Metro Briefs: Education deficit 


For the majority of Oklahoma children, paying attention in class competes with thoughts about their next meal, faded clothes or whether a parent will be at home after school.

That’s because the majority of Oklahoma children in public schools lack economic stability. In fact, the state’s 61 percent student poverty rate — based on students who qualify for free or reduced lunch — is the fourth highest in the nation.

“You think a kid who is hungry is really thinking about [increasing] that GPA so they can make it to college?” said Kent Smith, president of Langston University. “It doesn’t work that way.”

One of the biggest challenges to education in Oklahoma is the fact that most kids come from poor homes, and that’s not a problem easily addressed within the education establishment.

“Oklahoma doesn’t have an education problem; it has a poverty problem,” said Union Public Schools Superintendent Kirt Hartzler.

While Oklahoma has one of the highest student poverty rates, the national average is now at a point where more American students live in poverty than those who don’t, according to the Southern Education Foundation (SEF). A recent SEF report shows 51 percent of American students live in poverty.

“Without improving the educational support that the nation provides its low-income students — students with the largest needs and usually with the least support — the trends of the last decade will be prologue for a nation not at risk, but a nation in decline,” said SEF Vice President Steve Suitts in a statement about the report.

Poverty is a challenge for schools primarily because it means a great teacher and a great school might not be enough to help a student from a not-so-great economic or home environment.

In Oklahoma City Public Schools, 90 percent of students are eligible for free or reduced lunches. While the district offers some programs for all students — like free meals — the high poverty rate demonstrates a need for solutions that go beyond classrooms.

Oklahoma’s high rate can be easy to overlook when glancing at other state economic data. An unemployment rate below 5 percent, a payroll growth rate more than double the national average and a booming energy industry provide the state with the kind of statistics chambers love. But these numbers don’t tell the whole story, and the city and statewide student statistics show a generation in poverty.

“Most people will talk about how great our low unemployment rate is in Oklahoma, but what most people don’t talk about is how many people are underemployed,” said Smith, who discussed education in Oklahoma as the keynote speaker at Dialogue Institute of Oklahoma’s luncheon last week. “Unfortunately, we are one of the worst performing states educationally in the United States of America.”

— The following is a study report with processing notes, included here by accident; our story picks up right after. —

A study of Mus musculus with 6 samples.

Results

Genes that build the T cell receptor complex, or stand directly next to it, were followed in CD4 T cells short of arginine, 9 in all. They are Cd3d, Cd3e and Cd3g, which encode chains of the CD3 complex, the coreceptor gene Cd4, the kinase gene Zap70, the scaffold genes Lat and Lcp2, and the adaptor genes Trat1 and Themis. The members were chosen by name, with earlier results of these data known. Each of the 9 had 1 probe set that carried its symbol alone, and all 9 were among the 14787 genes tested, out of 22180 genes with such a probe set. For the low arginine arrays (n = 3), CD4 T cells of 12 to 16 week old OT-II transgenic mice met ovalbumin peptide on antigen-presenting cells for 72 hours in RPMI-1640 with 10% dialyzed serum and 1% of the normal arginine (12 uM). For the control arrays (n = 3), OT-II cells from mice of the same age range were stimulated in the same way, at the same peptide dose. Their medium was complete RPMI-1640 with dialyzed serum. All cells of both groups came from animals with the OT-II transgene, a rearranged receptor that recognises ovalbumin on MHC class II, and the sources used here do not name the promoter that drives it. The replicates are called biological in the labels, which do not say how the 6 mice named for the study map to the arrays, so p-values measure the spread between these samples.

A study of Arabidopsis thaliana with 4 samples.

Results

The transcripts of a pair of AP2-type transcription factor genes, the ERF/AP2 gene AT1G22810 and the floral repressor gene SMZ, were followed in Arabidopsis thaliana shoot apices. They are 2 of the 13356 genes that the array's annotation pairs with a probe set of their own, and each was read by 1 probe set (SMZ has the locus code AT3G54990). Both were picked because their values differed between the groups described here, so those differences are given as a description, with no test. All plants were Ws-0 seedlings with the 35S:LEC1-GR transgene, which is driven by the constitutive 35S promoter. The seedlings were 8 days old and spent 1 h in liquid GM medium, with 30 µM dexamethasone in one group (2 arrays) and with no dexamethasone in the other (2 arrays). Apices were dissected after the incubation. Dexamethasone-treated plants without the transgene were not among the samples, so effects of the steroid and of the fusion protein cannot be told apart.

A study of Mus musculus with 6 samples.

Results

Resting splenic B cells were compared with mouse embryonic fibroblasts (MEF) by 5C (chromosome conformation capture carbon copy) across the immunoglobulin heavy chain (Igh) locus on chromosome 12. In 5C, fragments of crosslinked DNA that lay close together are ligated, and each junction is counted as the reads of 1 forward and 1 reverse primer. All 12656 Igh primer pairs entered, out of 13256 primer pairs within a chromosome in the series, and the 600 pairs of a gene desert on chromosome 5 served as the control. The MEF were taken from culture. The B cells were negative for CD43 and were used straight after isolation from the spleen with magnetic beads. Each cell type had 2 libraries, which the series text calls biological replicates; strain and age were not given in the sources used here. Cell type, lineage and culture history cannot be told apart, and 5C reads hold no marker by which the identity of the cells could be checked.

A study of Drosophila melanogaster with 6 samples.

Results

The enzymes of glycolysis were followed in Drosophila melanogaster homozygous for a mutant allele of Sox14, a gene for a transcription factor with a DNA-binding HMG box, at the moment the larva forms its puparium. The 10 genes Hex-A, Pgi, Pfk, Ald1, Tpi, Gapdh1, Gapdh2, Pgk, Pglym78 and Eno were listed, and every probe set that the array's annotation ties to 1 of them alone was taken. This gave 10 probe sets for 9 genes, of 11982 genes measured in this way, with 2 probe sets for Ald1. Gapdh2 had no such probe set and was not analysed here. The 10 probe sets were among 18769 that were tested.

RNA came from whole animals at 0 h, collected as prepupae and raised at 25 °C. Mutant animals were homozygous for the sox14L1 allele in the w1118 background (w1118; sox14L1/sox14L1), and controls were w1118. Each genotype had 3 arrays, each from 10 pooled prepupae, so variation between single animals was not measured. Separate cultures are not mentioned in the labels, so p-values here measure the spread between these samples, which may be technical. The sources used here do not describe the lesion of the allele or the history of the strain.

Low educational outcomes and poverty appear to be linked, Smith said.

“This is something that should involve all of us,” he said. “I don’t believe we understand how dire the straits really are, and I certainly don’t think we do a good job of helping [citizens] understand the data.”

Safe rooms

Oklahoma City Public Schools plans to spend $27 million to equip 25 new school gymnasiums as safe rooms, but some Oklahoma City Council members expressed interest in removing the requirement.

“I bet we can fix that,” Ward 4 Councilman Pete White told school officials in a meeting last week about city a requirement that school construction projects include safe rooms.

White, who represented the city at a joint education task force meeting with the school district, and Ward 8 Councilman Pat Ryan said they considered lifting the mandate to free up money for other projects, such as expanding southside facilities to help alleviate overcrowding.

The school district is building new gyms at 46 schools with funds from the 2007 bond. Twenty-one gyms were completed before last year’s storm shelter ordinance was passed. With 25 gyms left to build, district officials said it would cost over $1 million extra per gym to meet the safe room mandate.

However, even if it got permission from the city, the district might not choose to change its plans.

“We’ve got to build safe rooms,” Superintendent Robert Neu said at last week’s meeting. “It’s not an option.”

Another district official also said making changes to planned gyms would be difficult because many schools expect to have safe rooms in their new gymnasiums.


Midtown’s Elemental Coffee Roasters is now home to a free bicycle repair station.

“[This station] lets the commuters and the cyclists that use Elemental as a hub to not only work on their bikes, but if you forget your pump at home, you will be able to check the pressure in your tires and put air in your tires,” said Chad Hodges, team manager of DNA Racing.

The racing team donated the station and installed it last week. The city also announced that bike repair stations in the Plaza District and Deep Deuce will be installed in coming months.

click to enlarge The "Silent March" makes it's way from the Freedom Center, 2609 N. Martin Luther King Avenue, Monday morning, marking MLK Day on the way to the State Capitol.  mh
  • The "Silent March" makes it's way from the Freedom Center, 2609 N. Martin Luther King Avenue, Monday morning, marking MLK Day on the way to the State Capitol. mh

Say what?

“I think it’s important for them to see about what Martin Luther King Jr. means and what he did for us. To let them know if it wasn’t for him, we wouldn’t be where we are today.”

Those were the words of Angela Billings, a teacher at the Playground Academy on NE 23rd St., as she brought her class out to the curb to watch a silent march last week on Martin Luther King Jr. Day.

A few hundred marched their way to the Oklahoma capitol, honoring the work of the civil rights movement and the legacy of King, who was assassinated in 1968.

Print headline: Education deficit, Oklahoma has the fourth highest student poverty rate in the nation.